Ten Travel Photography Tips



Understanding when to turn your flash off, on, or set to auto makes a huge difference in various types of light. Using your flash to fill in shadows — such as on someone’s face in midday sun — can turn an unusable photo into a beautiful portrait. On the other hand, using the flash in slightly diminished lighting can create artificially dark backgrounds and a flat look to your images. In this case, turn off the flash and increase your ISO a little.

Figure out how to use macro mode

Whether macro’s a mode on your point-and-shoot or a setting on your dSLR lens, shooting close-up shots can be lots of fun. Flowers, insects, food, and even decorative architectural elements offer another world when seen at close range.

Expect the unexpected and be ready to shoot!

When traveling, you’re bound to see things you’ve never seen before. Whether it’s a snapshot of something interesting taken from the bus window on the way to your hotel or that cute little dog running on the beach, you have to be prepared to get the shot. If you have to think about getting out your camera, it’s probably too late. Keep your camera handy and be ready to shoot whatever comes along.

Understand depth of field

Understanding depth of field is essential to taking various types of photos and making your subject stand out — or getting all your subjects in focus! Depth of field is a concept you can practice as a photographer for your entire life, and it affects every photo you take. Whether you’re giving emphasis to one flower out of dozens or ensuring everyone’s face is perfectly focused at the dinner table in that cute little Venice bistro, using your knowledge of depth of field comes in handy.

Figure out how the exposure triangle works

Knowing when to prioritize your shutter speed, aperture, or ISO and how these factors relate, gives you more control over the quality of your photographs. You can then manipulate settings to achieve specific effects, whether it’s a stop-action image of someone on the ski slopes or a great image of a priceless work of art in a museum, knowing the exposure triangle ensures that you take great photos with whatever kind of camera you use.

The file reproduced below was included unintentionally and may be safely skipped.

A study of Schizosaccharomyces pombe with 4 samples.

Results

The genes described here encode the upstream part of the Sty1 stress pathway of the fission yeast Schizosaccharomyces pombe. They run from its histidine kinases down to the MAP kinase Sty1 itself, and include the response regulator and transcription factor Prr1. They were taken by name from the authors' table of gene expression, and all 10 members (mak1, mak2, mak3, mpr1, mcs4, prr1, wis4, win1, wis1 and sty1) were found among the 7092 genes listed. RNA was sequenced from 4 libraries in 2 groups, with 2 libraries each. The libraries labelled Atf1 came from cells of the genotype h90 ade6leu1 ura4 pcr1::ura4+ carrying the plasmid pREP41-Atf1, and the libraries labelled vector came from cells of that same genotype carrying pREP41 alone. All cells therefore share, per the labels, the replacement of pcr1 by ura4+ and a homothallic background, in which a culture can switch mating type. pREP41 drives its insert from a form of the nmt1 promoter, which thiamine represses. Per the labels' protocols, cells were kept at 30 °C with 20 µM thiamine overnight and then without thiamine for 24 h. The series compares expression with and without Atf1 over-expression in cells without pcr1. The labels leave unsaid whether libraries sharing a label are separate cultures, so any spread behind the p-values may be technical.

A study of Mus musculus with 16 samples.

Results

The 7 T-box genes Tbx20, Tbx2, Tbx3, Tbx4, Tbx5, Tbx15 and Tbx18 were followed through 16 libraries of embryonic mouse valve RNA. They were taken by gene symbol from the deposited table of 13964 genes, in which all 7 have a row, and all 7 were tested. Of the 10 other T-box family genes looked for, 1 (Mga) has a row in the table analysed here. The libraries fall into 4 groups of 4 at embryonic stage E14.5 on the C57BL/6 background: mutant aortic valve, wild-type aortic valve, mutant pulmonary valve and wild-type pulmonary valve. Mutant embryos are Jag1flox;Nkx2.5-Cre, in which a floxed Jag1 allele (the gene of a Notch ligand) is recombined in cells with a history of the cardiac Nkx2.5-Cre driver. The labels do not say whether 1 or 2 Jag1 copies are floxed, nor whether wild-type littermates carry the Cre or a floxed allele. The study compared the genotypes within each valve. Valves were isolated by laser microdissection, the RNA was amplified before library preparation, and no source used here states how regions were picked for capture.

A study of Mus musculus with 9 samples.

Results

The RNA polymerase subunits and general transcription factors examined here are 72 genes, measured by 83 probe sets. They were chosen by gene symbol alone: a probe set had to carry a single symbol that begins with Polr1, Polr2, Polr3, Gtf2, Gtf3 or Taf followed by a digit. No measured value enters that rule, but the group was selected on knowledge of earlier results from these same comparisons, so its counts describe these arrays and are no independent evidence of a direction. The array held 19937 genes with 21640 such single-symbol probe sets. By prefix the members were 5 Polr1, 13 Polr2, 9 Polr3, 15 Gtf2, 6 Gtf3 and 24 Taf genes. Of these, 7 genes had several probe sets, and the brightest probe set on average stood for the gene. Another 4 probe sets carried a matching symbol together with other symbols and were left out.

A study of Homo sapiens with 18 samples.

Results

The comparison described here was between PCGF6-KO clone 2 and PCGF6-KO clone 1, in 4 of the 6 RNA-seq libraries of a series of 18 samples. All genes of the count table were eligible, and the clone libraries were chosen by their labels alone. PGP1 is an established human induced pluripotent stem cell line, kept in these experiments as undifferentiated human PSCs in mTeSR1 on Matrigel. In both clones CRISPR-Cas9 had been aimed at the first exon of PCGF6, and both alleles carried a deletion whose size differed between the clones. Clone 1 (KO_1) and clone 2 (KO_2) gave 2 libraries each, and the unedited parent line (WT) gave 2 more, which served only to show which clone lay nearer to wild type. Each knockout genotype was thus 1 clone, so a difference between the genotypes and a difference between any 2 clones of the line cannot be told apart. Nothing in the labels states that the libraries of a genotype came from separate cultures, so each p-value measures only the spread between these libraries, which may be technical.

Find out how to shoot in diminished light

Many photographers are hesitant to shoot in low light without a flash. First, whether you shoot with a handheld or use a tripod, familiarize yourself with the limitations and capabilities of your camera and then practice getting the best quality images you can in diminished light (not total darkness, but early evening or in a museum, for example).

As your skills increase, experiment more with a tripod, such as shooting a city skyline at night. The skills you develop make shooting something like a lower-light handicraft market a breeze. Opportunities abound for interesting night shots while traveling!

Discover how to use manual mode (dSLR)

Lots of cameras produce excellent results with automatic settings or specialized presets, especially point-and-shoot models. However, with any camera in auto mode, you’re still relying on your camera’s tiny brain to figure out what looks best, and you — presumably with a much bigger brain — can quickly outsmart the camera to get a better shot.

Finding out how to manipulate depth of field and exposures really make your photos stand out, but you need to be comfortable with manual mode (shutter speed, ISO, and aperture; not necessarily manual focus). Work with aperture-priority and shutter-priority modes to get comfortable with a semi-automatic shot, and then work your way into shooting manually as your skills and confidence increase.

Play with composition

Think outside the box, figure out how the Rule of Thirds applies to what you’re shooting, and look for interesting angles and new ways to frame your subjects. Shoot from the ground up, stand on chairs or ledges (please be careful!), or take a shot from a perspective others may not consider. Also play with different focal lengths and see, for example, how a wide-angle lens or setting distorts angles that converge versus a normal lens (or setting).

Get out of the way!

Shoot in places where ordinary tourists might not get to or explore, and you’re bound to find some interesting local color. Here are a few suggestions:

  • Look at landmarks from in between buildings or down alleyways.

  • Use a long lens to shoot a statue in a museum from a staircase instead of just in front of it.

  • Hire a guide to take you to local, non-touristy locations to see life as it really is, not as the other tourists see it. Just as with composition, though, please be safe!

Study the photos of others

Use Google Images, a travel book, or other resources to review how other photographers have shot some of the same subjects and places you’re seeing and visiting. Shoot what they shot and then branch out on your own to get some new, cool angles no one’s seen before! It doesn’t matter how many times something’s been photographed — there’s always a new angle.

For example, photographers keep coming up with new views of the Eiffel Tower even though it’s undoubtedly been photographed as much or more than almost any other physical structure in the world. What unique angles and composition can you find? Try to document your trip with familiar images, and then create “pictures within pictures” that give folks a more creative, unique look at the things you experienced.